1. High-Performance Teams Have a "Definition of Done." Our latest analysis shows that organizations that allow team members themselves to create a clear definition of done tend to outperform their counterparts.
2. Respondents Unable to Associate a Product Development Methodology with Product Profitability Are Unlikely to Be on a High-Performance Team. In short, we found that survey respondents who were unable to understand the impact of product development methodologies on product profitability were more likely to be on teams that were not high performing.
3. Respondents Who Believe Using Agile/Scrum Leads to Higher Product Profitability Tend to Be in Higher Performing Organizations. Survey respondents who advocate the use of the Agile/Scrum product development methodology and also believe that Agile/Scrum has a positive impact on product profitability are more likely to be in high performing organizations.
4. Teams that Consider Development Cost as a Criterion for Requirements Prioritization Are More Likely to Under-Perform (i.e., negatively correlated). Organizations often consider a range of factors, some market-based and some internally derived, to enable the requirements prioritization process. However, organizations that emphasize the cost of development in their requirements prioritization under-perform organizations that deemphasize it.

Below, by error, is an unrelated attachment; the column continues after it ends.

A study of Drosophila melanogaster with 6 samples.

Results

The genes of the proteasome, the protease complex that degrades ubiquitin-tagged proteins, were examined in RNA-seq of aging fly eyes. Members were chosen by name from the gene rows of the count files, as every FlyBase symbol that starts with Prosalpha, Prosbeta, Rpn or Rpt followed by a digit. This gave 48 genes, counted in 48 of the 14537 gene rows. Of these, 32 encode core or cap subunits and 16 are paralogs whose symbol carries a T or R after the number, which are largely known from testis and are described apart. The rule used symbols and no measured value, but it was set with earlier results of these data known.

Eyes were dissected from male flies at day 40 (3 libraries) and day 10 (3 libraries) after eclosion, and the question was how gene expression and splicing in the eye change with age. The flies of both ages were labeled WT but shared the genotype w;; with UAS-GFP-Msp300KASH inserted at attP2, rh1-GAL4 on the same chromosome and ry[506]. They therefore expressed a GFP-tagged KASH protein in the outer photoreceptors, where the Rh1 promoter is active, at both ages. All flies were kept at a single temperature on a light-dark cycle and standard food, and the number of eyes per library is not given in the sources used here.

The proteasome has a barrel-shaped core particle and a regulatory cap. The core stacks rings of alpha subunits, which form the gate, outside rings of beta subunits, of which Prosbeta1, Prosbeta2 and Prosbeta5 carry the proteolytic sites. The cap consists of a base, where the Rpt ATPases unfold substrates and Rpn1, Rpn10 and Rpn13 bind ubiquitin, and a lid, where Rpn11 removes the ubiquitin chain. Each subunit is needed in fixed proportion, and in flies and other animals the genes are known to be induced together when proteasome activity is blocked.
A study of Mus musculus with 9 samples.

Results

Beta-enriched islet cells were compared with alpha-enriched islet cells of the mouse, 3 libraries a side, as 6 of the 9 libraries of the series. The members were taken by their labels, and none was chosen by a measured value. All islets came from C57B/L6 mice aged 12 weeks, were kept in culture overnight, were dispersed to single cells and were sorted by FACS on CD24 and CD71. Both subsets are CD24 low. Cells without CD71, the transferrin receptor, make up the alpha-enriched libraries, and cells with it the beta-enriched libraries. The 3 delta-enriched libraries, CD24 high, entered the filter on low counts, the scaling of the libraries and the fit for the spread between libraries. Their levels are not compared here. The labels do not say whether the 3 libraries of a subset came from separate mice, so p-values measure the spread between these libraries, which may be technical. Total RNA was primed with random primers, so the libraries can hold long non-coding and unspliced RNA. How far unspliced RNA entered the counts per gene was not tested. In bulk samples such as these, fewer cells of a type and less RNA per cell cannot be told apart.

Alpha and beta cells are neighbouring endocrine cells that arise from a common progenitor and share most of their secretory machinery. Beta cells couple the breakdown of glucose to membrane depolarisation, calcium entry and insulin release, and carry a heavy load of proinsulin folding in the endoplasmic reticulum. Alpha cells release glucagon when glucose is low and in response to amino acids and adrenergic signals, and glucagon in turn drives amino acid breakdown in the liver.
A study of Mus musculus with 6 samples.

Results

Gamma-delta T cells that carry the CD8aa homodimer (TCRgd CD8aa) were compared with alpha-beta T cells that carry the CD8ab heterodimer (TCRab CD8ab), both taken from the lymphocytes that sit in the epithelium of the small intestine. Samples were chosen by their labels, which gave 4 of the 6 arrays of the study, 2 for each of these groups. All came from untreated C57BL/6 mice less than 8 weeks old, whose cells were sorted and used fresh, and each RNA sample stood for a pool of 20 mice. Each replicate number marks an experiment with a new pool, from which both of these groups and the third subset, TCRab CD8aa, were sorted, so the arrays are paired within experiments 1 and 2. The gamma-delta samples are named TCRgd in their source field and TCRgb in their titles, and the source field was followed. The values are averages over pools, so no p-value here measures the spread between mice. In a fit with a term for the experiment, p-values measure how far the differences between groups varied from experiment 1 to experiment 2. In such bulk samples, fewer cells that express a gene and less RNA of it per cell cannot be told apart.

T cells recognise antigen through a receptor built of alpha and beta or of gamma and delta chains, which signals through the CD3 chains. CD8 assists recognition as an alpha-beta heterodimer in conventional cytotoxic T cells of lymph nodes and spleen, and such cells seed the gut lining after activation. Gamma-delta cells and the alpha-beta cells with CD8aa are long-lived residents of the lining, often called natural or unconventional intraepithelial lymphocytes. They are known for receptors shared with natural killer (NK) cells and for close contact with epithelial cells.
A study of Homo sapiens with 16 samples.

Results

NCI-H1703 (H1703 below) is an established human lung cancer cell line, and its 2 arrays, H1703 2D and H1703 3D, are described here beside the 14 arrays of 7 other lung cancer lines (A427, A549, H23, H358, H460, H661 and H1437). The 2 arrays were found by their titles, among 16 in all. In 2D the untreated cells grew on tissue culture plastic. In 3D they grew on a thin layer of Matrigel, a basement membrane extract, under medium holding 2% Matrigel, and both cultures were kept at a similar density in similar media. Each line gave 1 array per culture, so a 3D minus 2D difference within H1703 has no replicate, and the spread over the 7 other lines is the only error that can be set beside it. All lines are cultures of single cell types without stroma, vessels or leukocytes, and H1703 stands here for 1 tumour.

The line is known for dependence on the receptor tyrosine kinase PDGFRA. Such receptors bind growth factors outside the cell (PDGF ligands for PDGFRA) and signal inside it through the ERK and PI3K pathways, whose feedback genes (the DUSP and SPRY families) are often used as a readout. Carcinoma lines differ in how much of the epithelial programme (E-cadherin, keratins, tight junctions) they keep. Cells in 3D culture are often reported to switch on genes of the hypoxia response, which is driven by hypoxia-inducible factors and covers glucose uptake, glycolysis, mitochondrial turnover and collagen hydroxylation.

5. There Is a Strong Correlation between an Effectively Prioritized Backlog and High Product Team Performance. Not surprisingly, teams that enjoy a clearly prioritized backlog are able to efficiently move from task to task, making them likely to deliver high performance. Conversely, a jumbled backlog is negatively correlated with both high performance and achieving financial results.
6. Product Teams that Believe their Effectiveness Would Be Improved by the Use of Tools and Automation Are More Likely to Be High-Performance Teams in Companies that Achieve Their Financial Goals and Objectives. Organizations that are able to meet their financial goals are successful, in part, due to the efficiency gained through the use of automation and tools by their product teams.If you'd like to learn more, stay tuned. If you'd like to participate in this year's Study of Product Team Performance let us know and consider attending the Competitive Edge Conference this November in Orlando Florida!